The Institute of Practitioners in Advertising (IPA) has rejected a move by Trinity Mirror-owned Birmingham Post & Mail (BP&M) to set up an independent arbitration panel to handle compensation claims arising from the overstatement of circulation figures for three of its newspapers.
BP&M plans to establish a three-person panel, chaired by a top barrister, to hear claims from clients and advertising agencies relating to the overstatement of circulation figures for the Birmingham Evening Mail, Birmingham Post and Sunday Mercury. The period in question dates back at least six years to when the titles were owned by Midland Independent Newspapers, prior to their acquisition by Mirror Group in 1997.
Mark Haysom, a director of Trinity Mirror and managing director of BP&M, has written to advertisers offering a two-year ad rate freeze and ten per cent reduction in the cost of advertising next year (MW November 11). But there are about 80 larger customers which are dissatisfied with this proposal, hence the move to set up an arbitration panel.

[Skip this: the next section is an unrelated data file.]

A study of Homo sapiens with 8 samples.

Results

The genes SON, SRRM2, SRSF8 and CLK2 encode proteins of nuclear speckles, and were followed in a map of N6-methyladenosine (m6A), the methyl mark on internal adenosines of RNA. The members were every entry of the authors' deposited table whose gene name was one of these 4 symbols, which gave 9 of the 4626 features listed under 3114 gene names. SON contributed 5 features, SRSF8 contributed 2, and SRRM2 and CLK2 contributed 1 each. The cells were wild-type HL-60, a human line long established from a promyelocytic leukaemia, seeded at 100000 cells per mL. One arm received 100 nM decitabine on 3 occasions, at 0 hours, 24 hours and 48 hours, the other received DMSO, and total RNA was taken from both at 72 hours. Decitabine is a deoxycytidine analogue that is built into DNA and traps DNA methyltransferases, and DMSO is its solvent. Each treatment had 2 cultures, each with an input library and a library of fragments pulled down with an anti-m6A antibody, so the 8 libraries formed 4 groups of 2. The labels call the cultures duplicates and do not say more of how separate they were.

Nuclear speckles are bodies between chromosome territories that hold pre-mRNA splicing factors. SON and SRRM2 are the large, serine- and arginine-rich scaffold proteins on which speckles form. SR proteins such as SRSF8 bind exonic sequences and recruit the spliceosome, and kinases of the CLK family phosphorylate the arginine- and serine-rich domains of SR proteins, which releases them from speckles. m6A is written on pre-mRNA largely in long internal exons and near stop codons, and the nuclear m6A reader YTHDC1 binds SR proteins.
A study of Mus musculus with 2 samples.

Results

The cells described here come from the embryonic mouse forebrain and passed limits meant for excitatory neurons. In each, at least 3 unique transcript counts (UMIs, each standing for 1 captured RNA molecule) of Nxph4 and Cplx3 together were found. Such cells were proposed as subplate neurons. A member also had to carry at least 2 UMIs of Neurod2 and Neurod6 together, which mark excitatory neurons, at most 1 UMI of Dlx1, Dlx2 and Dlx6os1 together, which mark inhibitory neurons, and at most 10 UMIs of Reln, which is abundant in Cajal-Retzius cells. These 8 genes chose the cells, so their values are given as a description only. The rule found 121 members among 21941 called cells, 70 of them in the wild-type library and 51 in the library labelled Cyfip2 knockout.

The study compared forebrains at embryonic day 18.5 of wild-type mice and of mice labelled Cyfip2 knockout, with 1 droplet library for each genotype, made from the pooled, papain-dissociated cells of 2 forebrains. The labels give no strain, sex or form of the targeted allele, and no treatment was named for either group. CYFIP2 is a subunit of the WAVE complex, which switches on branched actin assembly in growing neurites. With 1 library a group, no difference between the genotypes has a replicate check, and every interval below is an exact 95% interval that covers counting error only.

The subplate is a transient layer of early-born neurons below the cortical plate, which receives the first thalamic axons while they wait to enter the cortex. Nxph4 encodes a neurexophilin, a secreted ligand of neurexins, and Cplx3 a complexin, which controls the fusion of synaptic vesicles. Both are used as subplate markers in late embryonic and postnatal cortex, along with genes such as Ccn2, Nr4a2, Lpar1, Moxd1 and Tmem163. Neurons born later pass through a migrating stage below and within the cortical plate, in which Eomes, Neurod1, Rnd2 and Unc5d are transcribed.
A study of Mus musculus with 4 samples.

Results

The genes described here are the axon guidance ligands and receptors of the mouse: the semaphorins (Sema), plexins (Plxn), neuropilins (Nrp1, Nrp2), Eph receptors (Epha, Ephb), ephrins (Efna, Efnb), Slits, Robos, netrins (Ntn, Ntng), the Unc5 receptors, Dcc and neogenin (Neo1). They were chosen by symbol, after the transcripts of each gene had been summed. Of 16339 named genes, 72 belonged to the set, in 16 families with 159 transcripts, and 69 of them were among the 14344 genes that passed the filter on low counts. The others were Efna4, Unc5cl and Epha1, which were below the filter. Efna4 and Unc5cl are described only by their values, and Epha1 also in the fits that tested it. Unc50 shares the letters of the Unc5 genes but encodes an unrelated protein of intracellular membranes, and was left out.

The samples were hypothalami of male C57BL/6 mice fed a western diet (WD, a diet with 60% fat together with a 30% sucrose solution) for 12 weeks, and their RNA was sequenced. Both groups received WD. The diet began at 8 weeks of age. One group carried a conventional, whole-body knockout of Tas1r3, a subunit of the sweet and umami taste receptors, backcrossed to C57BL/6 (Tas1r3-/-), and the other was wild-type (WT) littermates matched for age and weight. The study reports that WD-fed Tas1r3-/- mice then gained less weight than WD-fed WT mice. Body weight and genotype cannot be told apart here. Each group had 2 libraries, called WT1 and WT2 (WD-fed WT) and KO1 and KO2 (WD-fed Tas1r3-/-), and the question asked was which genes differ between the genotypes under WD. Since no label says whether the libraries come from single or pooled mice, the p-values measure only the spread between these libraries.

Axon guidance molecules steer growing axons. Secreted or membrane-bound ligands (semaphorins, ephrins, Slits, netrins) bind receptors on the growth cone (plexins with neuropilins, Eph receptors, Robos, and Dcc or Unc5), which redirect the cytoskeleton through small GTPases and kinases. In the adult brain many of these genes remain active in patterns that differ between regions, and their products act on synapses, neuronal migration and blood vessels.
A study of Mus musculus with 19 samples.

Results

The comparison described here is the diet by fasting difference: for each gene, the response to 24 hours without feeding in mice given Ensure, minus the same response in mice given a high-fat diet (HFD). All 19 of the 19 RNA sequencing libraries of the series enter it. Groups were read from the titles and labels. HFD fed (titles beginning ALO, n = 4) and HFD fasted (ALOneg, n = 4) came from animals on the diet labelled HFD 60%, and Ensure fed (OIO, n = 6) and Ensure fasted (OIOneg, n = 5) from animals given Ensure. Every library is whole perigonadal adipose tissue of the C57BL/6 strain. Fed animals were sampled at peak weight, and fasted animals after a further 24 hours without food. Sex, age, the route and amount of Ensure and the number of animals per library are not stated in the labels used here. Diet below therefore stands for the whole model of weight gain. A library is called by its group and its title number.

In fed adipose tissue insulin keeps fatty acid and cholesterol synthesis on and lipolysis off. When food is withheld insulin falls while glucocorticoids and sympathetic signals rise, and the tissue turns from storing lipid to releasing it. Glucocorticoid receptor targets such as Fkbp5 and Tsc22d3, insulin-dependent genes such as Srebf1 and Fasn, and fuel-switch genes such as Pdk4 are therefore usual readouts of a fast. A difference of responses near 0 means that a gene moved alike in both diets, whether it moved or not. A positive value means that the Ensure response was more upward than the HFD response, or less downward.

Admitting that compensation will be paid where it is “shown to be warranted”, Haysom says: “It would be unreasonable for anyone to expect us to make compensation payments without at least having the opportunity to test individual claims. The arbitration process should allow us to do this in a non-confrontational way.”
But Marc Mendoza, a member of the IPA’s Media Policy Group – which is responsible for press sales practice – and managing director of Mediapolis, says: “We think the arbitration panel is a smokescreen. BP&M published inflated ABC figures. It should now pay compensation based on the amount by which its circulation figures were inflated.”